The answer is yes you should be sending a tailored cover letter out with every job application. Getting your cover letter right is a crucial step in applying for any job. Too many people fail to understand the importance of a cover letter thinking that they can write one letter and use it for all their job applications without any amendment. WRONG!
Know about cover letter
A good cover letter should include you doing some research about the company you are applying to so that you know about their products and services, their vision, their attitudes and the role they are looking to fill. The more you know the better you can genuinely demonstrate your interest in them. This is solid ground for enthusiastically claiming that you are a good fit for their culture. Of course you need also to highlight the skills and special qualities you bring to the position and that in turn you are the right person for the job.
Top 10 resume mistakes to avoid:
- Typos and grammatical errors- Typos and grammatical errors are a really easy way to land your application in the “no” pile in a flash.
- Writing too much- Today, gatekeepers (recruiters and hiring managers) do not have the resources or time to read each candidate’s resume and multi-page cover letter. Where possible, stick to one page unless asked to supply more. Hiring Managers are time poor; have short attention spans with less time to dedicate to read each and every cover letter in full. Write a compelling letter with bullet points to draw the eye in to the important bits.
- Addressing the letter to the wrong person- There’s absolutely no excuse for addressing your cover letter to the wrong person. If no name is provided, do what you can to find out the name of the HR Manager or Manager. Your letter will stand out against the others addressed to Dear Sir/Madam. Another option is to omit that part completely and list your name and targeted position.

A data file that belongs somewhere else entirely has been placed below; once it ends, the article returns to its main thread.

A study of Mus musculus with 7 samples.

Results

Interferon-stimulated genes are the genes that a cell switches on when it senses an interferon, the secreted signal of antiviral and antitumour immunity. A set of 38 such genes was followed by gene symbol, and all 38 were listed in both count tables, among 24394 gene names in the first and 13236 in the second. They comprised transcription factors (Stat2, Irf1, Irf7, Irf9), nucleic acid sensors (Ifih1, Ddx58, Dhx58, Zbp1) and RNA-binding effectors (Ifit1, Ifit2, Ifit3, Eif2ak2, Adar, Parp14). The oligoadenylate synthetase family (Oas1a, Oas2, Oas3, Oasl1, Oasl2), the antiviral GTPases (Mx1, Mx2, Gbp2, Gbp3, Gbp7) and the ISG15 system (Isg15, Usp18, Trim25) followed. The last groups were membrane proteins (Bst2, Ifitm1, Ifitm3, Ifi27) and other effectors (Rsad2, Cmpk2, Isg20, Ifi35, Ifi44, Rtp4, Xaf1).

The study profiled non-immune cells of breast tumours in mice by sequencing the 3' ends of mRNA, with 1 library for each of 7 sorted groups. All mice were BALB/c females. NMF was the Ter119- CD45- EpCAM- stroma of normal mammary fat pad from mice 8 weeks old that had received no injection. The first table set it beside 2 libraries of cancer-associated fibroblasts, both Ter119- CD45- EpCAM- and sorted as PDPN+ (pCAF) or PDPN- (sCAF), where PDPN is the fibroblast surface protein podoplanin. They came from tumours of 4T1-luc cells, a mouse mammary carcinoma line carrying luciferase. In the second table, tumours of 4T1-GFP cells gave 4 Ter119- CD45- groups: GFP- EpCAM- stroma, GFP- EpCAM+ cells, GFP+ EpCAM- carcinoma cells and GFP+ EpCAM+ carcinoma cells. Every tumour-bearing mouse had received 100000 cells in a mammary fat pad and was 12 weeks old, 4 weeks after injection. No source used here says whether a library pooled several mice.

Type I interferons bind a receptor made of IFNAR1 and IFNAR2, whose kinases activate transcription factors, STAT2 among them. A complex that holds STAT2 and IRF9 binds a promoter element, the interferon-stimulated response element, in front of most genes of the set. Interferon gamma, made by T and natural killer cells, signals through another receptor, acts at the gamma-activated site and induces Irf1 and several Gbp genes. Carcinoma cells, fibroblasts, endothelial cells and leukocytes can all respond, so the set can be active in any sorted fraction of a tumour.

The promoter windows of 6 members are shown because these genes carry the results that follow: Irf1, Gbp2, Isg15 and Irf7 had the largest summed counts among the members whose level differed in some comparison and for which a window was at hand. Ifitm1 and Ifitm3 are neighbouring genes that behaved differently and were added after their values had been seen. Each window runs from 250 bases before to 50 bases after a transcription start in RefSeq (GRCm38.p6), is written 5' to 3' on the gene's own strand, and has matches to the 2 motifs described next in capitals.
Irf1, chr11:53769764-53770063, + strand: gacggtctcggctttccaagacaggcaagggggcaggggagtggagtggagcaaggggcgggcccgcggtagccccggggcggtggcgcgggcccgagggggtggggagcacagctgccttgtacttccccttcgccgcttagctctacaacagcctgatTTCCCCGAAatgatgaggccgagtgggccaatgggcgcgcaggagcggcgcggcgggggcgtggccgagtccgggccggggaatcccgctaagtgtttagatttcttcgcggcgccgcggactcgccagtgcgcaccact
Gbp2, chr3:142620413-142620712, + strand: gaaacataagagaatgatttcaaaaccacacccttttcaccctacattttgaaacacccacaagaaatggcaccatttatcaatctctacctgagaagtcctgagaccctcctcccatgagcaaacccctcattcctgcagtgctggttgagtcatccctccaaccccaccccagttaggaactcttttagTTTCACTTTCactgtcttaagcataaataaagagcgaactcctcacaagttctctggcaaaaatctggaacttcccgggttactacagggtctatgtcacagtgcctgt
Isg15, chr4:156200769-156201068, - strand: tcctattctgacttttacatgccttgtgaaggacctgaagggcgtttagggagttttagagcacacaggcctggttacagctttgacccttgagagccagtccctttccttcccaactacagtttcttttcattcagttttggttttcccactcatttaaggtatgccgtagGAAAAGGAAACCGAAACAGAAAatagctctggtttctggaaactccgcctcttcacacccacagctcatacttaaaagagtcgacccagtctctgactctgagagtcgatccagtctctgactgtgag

- Not tailoring the cover letter to the company or job you’re applying to– The hiring manager will know instantly if you’re using a generic, ‘one size fits all’ cover letter and they won’t be impressed. You must customise each cover letter targeting the specified job description. Whilst it’s ok to use a master cover letter or template to draft your letter, you must remember to tailor it.
- Forgetting to replace a company name or job title- If you’re applying for job after job and tailoring your cover letter to each one (like you should be!) you may find yourself replacing words, names, and titles — rather than rewriting your cover letter from scratch over and over again — to save time. But be very careful when you do this. If you forget to replace the company name or job title, this will be a huge turn off to the employer you send it to and it will stand out for all the wrong reasons.
- Being too modest- While you don’t want to be too modest, you also don’t want to come off as arrogant. It can be easy or tempting to go overboard boasting about how smart or talented you are in your cover letter—But don’t! Instead, stay focused on your fact-based achievements and tone it down on the superlatives. Motivate with a balanced approach and let the reader figure out on their own just how fabulous you really are.
- Lying– This is pretty obvious — but don’t fib. Ever! It doesn’t help anyone, and Hiring Managers will find out eventually.
- Listing references– Save the references for the interview process. The cover letter is no place to start listing references or snippets from your latest review. These names may have meaning to you, but to the hiring leader, these are unknown entities and they’re simply a waste of space on your letter.